This post was most recently updated on November 30th, 2021
App Tracking Transparency (ATT) was introduced with iOS 14.5. Launched back in April 2021, ATT includes a requirement that developers of apps ask permission from you before gaining access to your advertising ID that tracks your app and website activity.
While the framework for Tracking Transparency was introduced before iOS 14.5, leading to popups requesting permission on phones with previous versions, iOS 14.5 marked a deadline for compliance by developers.
It should also be noted that there is a requirement that developers not seek or implement workarounds to this rule using their own or third-party, non-approved tools.
In addition, users can skip this step altogether if they turn off the ‘Allow apps to request to track’ feature in the settings. Newly-downloaded apps would then not even get the chance to ask the user if trackers are OK.
Facebook was not particularly keen on the idea, although as this article notes, Facebook hasn’t been keen on many of Apple’s ideas recently, and for mostly the same reason; targeted ads mean bigger revenues.
Switching off all user targeting unless the user specifically allows it means advertisers are buying blind, and they won’t pay the same rate for an ad that they have no control over compared to one that they could be reasonably confident would be shown to someone in their target demographic.
Facebook took out full-page ads in several major US newspapers saying that they intended to ‘stand up’ to Apple, citing the growing number of small businesses that now use personalized ads on social media and the revenue losses they could face as a result of not being able to target potential customers as effectively.
Google has made changes to its own requirements for Android developers although it hasn’t followed the same permission route; its merely updated what kind of information is shown to users about what is collected and will be initiating a new ‘safety section’ showing, amongst other things, what encryption is used, family safety level, independent verification and the options for data deletion upon uninstall.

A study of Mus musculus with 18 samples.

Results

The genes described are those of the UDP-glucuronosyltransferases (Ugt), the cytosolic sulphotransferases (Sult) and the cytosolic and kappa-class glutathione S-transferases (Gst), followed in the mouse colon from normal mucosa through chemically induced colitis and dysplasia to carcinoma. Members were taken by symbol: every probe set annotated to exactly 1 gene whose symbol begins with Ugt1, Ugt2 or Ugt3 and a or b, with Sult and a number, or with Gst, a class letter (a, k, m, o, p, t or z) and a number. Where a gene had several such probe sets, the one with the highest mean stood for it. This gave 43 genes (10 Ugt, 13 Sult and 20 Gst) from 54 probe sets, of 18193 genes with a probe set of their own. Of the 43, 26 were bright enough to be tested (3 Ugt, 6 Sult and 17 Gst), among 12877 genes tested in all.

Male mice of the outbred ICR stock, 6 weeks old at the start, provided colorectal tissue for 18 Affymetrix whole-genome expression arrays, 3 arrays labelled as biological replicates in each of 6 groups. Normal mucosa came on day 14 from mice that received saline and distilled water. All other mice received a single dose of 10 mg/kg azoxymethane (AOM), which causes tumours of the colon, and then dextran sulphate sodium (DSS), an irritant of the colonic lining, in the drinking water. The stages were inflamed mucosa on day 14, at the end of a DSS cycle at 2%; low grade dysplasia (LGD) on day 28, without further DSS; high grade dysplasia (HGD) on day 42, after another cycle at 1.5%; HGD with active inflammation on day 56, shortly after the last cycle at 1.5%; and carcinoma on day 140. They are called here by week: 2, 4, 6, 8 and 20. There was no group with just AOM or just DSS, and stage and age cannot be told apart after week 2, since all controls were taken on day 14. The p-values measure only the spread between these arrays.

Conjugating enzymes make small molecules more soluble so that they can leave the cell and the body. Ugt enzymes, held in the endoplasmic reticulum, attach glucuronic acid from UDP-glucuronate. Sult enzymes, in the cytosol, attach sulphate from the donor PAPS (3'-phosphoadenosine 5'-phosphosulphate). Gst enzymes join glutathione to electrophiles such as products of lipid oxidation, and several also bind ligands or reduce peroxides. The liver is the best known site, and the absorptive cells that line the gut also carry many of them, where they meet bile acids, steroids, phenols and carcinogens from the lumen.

End users have been more positive about Apples’ Tracking Transparency, at least according to Tim Cook, Apple’s CEO. He has been reported as saying “We’ve been getting quite a bit of customer reaction, positive reaction to being able to make the decision … on whether to be tracked or not.”
This could be caused partly by a lack of understanding about what trackers do, or how they can be of benefit both to businesses and themselves in terms of cutting out irrelevant ads.
It’s also true that users, in general, are now more aware that their data is being used, even if there isn’t so much understanding around the how or why.
As Gizmodo reports (via the Financial Times), the feature has cost tech giants YouTube, Facebook, and Twitter a combined $10bn of revenue, and that number might be conservative. Publishers of content on these platforms will also have lost vast sums.
In terms of numbers of users opting out of tracking – or rather, not opting into it – could be as low as 4% in the US and 12% worldwide. Mobile advertising spend isn’t decreasing (it’s set to reach $275bn in 2021) but advertisers and marketers are shifting focus.
Facebook and other social media companies can and probably will rewrite their apps extensively but there is a worry that apps will use other ‘fingerprinting’ methods to track users.
Tracking Transparency refers only to the IDFA (ID For Advertisers); a unique identifier to which details of the profile are attached. If developers can use other details stored on the phone to identify users, they may be able to work around ATT.
It’s also important to note that the IDFA is still created and stored, and still usable by Apple; their revenues are showing no signs of slowing.
It seems likely that this will not be the end of the story, with Facebook and Apple completely at odds over the issue, and we’ll keep you updated as things develop.